Canon fails to click in 2013 as camera sales disappoint
TOKYO -- Canon's group operating profit for 2013 likely fell short of its forecast, coming in flat at around 320 billion yen ($3.02 billion), as weaker-than-expected camera sales undermined the benefits of a weaker yen and robust office equipment sales.
The company had projected 360 billion yen in operating profit. Compact camera sales decreased more than 20% in volume amid competition from smartphones. Even sales of higher-end, single-lens reflex cameras edged down as demand ebbed in Europe and China, among other markets.
Canon had already downgraded its outlooks twice in 2013. Group sales are now estimated at just over 3.7 trillion yen, up 7% but below the 3.75 trillion yen projected. Though figures in local currencies likely dropped, the softer yen boosted sales in yen terms.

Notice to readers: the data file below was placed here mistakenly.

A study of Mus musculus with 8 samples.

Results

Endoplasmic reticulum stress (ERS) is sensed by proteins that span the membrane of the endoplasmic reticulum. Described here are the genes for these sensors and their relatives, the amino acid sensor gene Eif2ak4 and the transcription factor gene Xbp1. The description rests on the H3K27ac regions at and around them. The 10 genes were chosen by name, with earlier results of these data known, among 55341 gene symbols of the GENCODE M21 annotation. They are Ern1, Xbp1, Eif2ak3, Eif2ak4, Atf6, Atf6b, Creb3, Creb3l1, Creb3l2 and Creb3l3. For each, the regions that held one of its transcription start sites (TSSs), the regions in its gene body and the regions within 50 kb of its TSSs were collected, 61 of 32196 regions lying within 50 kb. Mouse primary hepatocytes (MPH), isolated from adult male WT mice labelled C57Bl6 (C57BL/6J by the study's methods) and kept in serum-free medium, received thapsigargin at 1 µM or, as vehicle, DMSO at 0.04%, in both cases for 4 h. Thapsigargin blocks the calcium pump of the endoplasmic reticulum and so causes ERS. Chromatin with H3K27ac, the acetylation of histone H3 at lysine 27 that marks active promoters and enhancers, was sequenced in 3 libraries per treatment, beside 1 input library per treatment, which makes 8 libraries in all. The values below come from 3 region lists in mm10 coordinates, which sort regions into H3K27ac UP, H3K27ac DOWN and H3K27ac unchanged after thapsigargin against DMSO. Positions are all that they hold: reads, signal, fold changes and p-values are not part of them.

Canon generates roughly 80% of its sales outside Japan, so a weaker yen was a major boon. Last year, the yen hovered around 98 to the dollar, compared with 80 in 2012. The euro was traded at around 130 yen, compared with 103 or so the previous year. The weaker home currency likely pushed up Canon's operating profit by some 200 billion yen last year.
Office equipment continued to perform strongly. Brisk sales of commercial printers at Dutch subsidiary Oce, which Canon turned into a wholly owned unit last March, also contributed to revenue.
Net profit was likely flat at around 224.5 billion yen. The company says it has not determined the annual dividend, but it is likely to leave the amount unchanged from the previous year, or 130 yen a share.
This year, as U.S. and European economies pick up, demand for high-margin SLR cameras is expected to recover. Canon is likely to earn about 340 billion yen in operating profit on sales of 3.9 trillion yen, both up around 5%.